What is the menopause?

The menopause refers to the process which naturally occurs in women as a result of ageing, meaning they no longer have periods and are unable to conceive. The menopause usually happens between the ages of 45 and 55, with the average age in the UK for women being 51. It is a new stage in a woman’s life and brings a number of both physical and emotional changes.

During the menopause, a woman’s oestrogen levels naturally decrease. This can cause menopausal symptoms, which vary from being mild to severe. Occasionally, women experience early (or premature) menopause, which happens before the age of 40.

What are the symptoms of the menopause?

Symptoms of the menopause can begin months, or years before periods finally cease, and typically go on for around four years after periods have stopped. Common symptoms include:

  • Hot flushes/flashes
  • Vaginal dryness
  • Problems sleeping
  • Feeling low
  • Anxiety
  • A loss of libido
  • Night sweats
  • Difficulty concentrating

What causes the menopause?

As we get older, our sex hormones change, with the ovaries not producing as much oestrogen as they once did. This means that eggs are no longer released from the ovaries. The menopause is a natural part of ageing.

In some cases, the menopause can be caused by medical treatments, such as treatment for breast cancer (e.g chemotherapy or radiotherapy). Surgery removing the ovaries can also cause menopause to happen, and medical conditions or medication may be the reason behind early menopause.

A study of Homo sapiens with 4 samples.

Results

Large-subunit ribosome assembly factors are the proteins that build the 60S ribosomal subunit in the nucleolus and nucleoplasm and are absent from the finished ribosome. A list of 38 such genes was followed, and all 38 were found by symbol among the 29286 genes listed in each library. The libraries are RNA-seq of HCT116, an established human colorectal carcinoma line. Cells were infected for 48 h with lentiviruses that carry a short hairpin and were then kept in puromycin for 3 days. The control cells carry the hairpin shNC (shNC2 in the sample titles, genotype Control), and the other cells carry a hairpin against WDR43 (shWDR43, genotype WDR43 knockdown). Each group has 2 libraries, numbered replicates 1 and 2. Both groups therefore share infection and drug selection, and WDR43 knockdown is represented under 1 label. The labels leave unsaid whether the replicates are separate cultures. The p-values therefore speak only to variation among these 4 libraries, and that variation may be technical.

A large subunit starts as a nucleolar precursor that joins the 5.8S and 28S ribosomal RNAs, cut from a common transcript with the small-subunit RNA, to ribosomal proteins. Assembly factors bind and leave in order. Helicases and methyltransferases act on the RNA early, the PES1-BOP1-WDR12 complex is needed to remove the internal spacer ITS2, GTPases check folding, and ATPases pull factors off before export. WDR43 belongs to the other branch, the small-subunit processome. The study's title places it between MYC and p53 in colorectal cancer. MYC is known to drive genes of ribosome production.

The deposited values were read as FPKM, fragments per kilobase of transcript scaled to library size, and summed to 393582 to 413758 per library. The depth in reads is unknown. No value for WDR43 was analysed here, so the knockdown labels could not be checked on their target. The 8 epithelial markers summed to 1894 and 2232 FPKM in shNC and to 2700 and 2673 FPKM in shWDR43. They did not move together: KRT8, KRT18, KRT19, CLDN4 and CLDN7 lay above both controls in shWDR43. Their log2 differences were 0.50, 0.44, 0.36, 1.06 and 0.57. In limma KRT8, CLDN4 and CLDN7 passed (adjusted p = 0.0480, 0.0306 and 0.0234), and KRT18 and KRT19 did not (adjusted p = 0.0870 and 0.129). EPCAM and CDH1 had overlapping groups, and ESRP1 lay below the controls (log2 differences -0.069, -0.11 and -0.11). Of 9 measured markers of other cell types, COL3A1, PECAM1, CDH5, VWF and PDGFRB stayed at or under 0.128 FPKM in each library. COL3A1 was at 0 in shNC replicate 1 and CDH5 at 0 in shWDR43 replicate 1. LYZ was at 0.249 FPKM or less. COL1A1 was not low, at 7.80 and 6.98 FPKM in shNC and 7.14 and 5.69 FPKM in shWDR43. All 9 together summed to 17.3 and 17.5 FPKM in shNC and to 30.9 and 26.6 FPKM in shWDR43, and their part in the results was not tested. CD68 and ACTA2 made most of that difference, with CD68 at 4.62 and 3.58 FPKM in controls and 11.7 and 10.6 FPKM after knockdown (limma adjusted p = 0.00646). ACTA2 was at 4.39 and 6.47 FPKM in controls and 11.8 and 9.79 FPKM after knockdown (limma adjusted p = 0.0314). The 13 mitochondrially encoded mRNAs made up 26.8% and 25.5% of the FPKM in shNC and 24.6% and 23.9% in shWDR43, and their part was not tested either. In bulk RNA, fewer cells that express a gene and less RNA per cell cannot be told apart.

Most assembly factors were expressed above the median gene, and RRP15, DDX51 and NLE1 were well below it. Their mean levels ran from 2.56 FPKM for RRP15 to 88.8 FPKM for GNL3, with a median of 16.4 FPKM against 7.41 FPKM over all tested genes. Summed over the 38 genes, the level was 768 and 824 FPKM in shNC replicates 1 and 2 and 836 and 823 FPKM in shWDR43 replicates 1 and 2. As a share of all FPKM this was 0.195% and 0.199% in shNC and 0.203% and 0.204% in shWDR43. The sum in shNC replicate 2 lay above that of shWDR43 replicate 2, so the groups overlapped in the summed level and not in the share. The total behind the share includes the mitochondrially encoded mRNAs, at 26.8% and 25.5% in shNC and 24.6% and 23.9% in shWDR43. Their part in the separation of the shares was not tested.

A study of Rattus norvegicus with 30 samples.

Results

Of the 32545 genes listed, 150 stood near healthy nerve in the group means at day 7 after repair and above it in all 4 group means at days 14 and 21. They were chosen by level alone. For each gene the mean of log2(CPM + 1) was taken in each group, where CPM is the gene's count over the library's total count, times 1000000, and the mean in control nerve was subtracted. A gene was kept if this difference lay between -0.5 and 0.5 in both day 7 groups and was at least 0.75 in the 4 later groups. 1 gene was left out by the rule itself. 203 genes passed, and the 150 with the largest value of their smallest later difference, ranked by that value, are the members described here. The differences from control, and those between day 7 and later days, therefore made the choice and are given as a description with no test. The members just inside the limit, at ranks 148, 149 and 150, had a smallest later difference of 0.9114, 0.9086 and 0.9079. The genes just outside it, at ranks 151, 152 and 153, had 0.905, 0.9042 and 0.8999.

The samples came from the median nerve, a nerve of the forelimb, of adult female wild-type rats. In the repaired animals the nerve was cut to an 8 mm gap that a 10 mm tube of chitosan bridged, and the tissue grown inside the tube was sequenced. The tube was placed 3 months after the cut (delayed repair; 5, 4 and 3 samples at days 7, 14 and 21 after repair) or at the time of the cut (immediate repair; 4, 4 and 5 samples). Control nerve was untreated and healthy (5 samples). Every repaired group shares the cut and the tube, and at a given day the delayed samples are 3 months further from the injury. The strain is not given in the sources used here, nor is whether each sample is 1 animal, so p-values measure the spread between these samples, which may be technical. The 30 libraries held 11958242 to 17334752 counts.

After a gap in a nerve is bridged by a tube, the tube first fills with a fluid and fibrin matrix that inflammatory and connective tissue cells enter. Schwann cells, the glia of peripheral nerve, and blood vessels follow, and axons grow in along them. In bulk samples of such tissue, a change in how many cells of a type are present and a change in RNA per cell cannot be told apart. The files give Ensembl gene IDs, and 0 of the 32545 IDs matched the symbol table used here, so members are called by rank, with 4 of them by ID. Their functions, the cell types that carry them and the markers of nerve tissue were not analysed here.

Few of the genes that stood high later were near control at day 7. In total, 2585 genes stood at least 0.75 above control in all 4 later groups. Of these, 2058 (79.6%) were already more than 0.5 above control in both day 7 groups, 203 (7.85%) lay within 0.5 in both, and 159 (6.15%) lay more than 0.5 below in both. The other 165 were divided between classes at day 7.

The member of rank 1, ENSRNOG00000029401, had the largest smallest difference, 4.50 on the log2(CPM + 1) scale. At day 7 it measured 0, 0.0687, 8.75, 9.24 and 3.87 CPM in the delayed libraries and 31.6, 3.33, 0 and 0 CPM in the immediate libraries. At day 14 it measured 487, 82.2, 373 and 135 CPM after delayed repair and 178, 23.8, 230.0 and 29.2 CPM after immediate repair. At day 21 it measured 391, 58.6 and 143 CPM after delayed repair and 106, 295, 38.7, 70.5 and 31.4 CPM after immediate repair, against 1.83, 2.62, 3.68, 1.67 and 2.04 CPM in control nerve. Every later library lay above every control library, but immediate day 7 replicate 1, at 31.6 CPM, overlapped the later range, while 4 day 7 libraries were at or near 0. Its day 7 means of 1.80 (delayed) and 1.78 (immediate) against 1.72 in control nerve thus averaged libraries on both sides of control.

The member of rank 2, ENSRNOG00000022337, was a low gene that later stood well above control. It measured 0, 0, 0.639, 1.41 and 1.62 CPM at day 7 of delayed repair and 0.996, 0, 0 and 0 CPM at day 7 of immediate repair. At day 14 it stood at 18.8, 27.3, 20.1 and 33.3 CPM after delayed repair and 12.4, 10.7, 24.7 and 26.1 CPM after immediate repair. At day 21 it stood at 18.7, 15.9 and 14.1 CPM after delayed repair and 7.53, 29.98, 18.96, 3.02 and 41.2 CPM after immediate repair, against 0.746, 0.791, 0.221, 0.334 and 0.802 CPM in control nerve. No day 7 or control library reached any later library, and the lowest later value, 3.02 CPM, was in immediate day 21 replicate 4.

How can menopause symptoms be treated?

Hormone replacement therapy (often called HRT) is one of the most effective treatments for menopause symptoms, and it is also able to maintain bone strength, thus helping in the prevention of osteoporosis (a bone thinning condition). Hormone replacement therapy can be applied through hormonal coils, tablets, patches, and pessaries. Smaller doses can also be used, for example in topical application to the vagina, to relieve dryness. However, before using HRT, it is important that the GP or gynaecologist explains the risks and benefits of the therapy, so the patient can make an informed decision.

Symptoms of the menopause can also be managed through lifestyle changes, e.g eating healthily, and exercising regularly. Being at a good level of fitness can help to relieve some of the symptoms of the menopause. Some types of therapy can also help women to deal with low mood, or anxiety. There are non-hormonal interventions that can be used, and it is important to consider all the alternatives, pros and cons and make the right choice for you.

Should I see a doctor?

If menopause symptoms occur before the age of 45, consult your GP and talk to them about the symptoms you are having. They may order a blood test to see if the symptoms are indeed related to the menopause. Blood tests can also be ordered to confirm menopause after evaluating symptoms.